In civil cases, involved parties may find that mediation is a better, more cost-effective path to a solution than pursuing litigation. Any type of civil case may be mediated, but all parties must agree, even if a lawsuit has already been filed. Deciding if civil lawsuit mediation is the right choice for you isn’t easy, but understanding what’s at stake and how you may benefit should make the decision a little bit easier.
Civil Lawsuit Mediation
It might sound strange that disputing parties separated by a lawsuit may decide to collaborate in a mediation process rather than litigation. Civil lawsuit mediation may be a better solution for several reasons and it may be in everyone’s best interest. If you’re wondering what the right path may be for you in your civil case, explore these mediation pros and cons:
In mediation, everyone gets a little something they want. Using a collaborative approach to problem-solving, mediation requires all parties to agree with a resolution which means even if you have to sacrifice some points, you can negotiate for your deal-breakers and work collaboratively with your opposing party.
If mediation does the trick in resolving your conflict, the cost is typically substantially less than what could happen in a trial. Private mediators usually charge an hourly rate and many applications of mediation in a civil lawsuit only last a few hours. Lawyer fees may also be necessary but that would remain the case if your dispute made it to court.
Mediation conversations are held privately and do not become a matter of public record. This mediation confidentiality could come in handy if you’re business is trying to maintain brand reputation and not lose customers during an already difficult time.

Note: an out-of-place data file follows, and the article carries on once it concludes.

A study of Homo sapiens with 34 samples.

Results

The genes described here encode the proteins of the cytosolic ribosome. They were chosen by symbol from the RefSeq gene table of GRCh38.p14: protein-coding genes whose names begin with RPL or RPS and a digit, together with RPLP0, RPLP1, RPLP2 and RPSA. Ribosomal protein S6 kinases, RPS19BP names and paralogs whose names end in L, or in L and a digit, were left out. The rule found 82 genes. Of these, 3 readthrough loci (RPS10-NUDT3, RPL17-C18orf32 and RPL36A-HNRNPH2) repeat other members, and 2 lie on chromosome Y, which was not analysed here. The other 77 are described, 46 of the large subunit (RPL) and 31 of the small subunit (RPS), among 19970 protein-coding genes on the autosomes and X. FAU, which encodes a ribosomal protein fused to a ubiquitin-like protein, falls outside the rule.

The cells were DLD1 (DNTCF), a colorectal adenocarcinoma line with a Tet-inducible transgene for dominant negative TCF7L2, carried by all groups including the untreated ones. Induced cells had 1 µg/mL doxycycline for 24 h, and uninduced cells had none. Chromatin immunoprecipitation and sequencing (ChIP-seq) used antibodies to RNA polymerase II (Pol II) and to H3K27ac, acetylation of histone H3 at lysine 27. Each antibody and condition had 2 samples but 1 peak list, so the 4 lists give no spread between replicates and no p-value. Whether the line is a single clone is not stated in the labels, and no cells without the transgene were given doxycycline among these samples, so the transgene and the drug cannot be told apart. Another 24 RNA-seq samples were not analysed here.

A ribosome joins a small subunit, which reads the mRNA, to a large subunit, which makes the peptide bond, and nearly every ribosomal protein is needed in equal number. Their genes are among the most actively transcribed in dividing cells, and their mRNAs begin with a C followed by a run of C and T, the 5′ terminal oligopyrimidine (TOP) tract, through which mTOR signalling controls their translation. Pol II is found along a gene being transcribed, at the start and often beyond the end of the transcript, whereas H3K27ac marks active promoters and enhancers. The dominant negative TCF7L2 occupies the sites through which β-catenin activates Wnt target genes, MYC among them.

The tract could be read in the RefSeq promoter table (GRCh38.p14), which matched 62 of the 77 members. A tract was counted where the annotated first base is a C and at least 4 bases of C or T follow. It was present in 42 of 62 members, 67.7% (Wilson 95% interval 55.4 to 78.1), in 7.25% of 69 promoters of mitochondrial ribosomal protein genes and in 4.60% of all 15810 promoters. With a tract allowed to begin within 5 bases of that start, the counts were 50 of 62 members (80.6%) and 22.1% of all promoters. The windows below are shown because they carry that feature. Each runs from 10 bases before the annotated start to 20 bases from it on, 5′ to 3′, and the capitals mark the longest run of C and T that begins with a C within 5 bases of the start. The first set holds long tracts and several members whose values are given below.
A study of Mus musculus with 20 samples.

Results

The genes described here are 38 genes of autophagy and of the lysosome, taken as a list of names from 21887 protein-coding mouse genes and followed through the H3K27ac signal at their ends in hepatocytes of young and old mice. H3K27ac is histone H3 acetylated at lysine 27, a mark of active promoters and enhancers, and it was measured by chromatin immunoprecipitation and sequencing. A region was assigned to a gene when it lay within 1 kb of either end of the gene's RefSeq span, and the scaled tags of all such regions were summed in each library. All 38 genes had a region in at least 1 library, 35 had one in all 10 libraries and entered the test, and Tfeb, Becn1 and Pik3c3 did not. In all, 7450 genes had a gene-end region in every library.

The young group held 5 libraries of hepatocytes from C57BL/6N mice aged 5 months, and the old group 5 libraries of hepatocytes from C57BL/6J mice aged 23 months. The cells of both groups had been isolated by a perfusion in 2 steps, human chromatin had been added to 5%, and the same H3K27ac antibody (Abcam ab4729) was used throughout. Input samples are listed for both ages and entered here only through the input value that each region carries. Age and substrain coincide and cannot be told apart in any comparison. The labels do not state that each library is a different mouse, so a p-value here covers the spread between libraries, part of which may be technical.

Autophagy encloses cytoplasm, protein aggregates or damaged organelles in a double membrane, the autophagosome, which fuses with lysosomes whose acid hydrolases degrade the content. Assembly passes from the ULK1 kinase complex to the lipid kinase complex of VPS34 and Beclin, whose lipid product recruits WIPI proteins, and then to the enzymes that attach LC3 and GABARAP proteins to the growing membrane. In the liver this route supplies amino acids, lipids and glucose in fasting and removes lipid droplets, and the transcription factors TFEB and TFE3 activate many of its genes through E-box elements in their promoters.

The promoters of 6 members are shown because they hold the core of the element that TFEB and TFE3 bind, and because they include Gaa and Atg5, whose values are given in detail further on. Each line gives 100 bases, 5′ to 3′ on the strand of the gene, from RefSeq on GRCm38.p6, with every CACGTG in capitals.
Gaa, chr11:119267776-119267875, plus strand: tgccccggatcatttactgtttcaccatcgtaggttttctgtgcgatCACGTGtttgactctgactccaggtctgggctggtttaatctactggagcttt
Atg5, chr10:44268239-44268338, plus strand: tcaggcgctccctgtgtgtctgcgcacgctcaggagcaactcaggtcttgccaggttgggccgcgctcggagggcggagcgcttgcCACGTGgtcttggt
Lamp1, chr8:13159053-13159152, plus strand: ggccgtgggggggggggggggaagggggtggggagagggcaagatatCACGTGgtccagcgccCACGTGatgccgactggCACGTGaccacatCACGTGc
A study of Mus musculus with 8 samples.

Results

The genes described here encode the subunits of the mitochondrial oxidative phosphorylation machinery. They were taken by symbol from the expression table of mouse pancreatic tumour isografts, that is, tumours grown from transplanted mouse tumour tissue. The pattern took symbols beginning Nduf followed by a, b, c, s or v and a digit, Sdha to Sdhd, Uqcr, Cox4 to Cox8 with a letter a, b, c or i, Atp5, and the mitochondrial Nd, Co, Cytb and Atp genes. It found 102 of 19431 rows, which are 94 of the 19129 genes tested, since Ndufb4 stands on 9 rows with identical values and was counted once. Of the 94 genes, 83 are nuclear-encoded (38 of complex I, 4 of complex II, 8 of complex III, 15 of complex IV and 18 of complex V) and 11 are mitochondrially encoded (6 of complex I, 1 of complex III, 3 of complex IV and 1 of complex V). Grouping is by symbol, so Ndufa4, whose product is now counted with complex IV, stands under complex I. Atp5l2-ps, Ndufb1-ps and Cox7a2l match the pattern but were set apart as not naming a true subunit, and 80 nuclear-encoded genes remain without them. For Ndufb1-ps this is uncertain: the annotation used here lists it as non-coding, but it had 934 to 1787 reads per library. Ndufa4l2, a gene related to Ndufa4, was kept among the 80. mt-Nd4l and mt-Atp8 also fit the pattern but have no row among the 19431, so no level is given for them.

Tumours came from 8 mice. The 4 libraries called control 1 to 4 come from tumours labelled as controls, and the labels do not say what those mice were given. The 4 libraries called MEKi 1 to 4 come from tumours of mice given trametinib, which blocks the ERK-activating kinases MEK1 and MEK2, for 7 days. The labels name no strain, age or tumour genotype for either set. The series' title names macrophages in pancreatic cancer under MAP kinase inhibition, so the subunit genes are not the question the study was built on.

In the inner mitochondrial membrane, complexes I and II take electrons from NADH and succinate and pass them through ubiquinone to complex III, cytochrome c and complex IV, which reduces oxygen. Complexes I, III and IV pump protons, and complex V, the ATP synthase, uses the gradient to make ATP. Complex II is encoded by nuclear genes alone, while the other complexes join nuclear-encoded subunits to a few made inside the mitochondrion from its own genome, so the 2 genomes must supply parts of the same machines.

Civil lawsuit mediation isn’t all good, though. It has some drawbacks for certain types of disputes and parties that may render it an impossible option. Here are some cons to civil lawsuit mediation:
If you were to take your civil case to trial, you’re more likely to have a clear-cut solution. In other words, a judgment may be made entirely in your favor. In mediation, you’re asked to bring some bargaining chips to the table so a joint settlement can be declared, forcing you to potentially leave more on the table than you might need to.
CON: Room for Waste
One of the major mediation problems is that if parties don’t agree, you may never reach a resolution and trial will become an inevitability. In this case, you may have gone through a time-consuming and expensive ordeal without a positive outcome.
While court may be too rigid to some, mediation lacks in rules and structure. This may mean trouble for a passive party who finds themselves up against an aggressive one. In that case, the passive or timid party may lose a lot be the sheer nature of their inability to assert themselves. Conflict resolution, even in the most challenging scenarios, should ultimately be about fairness and repair, which mediation may not always be able to facilitate, especially in cases like these.
If figuring out your options still seems overwhelming, contact the conflict resolution professionals at Pollack Peacebuilding Solutions today.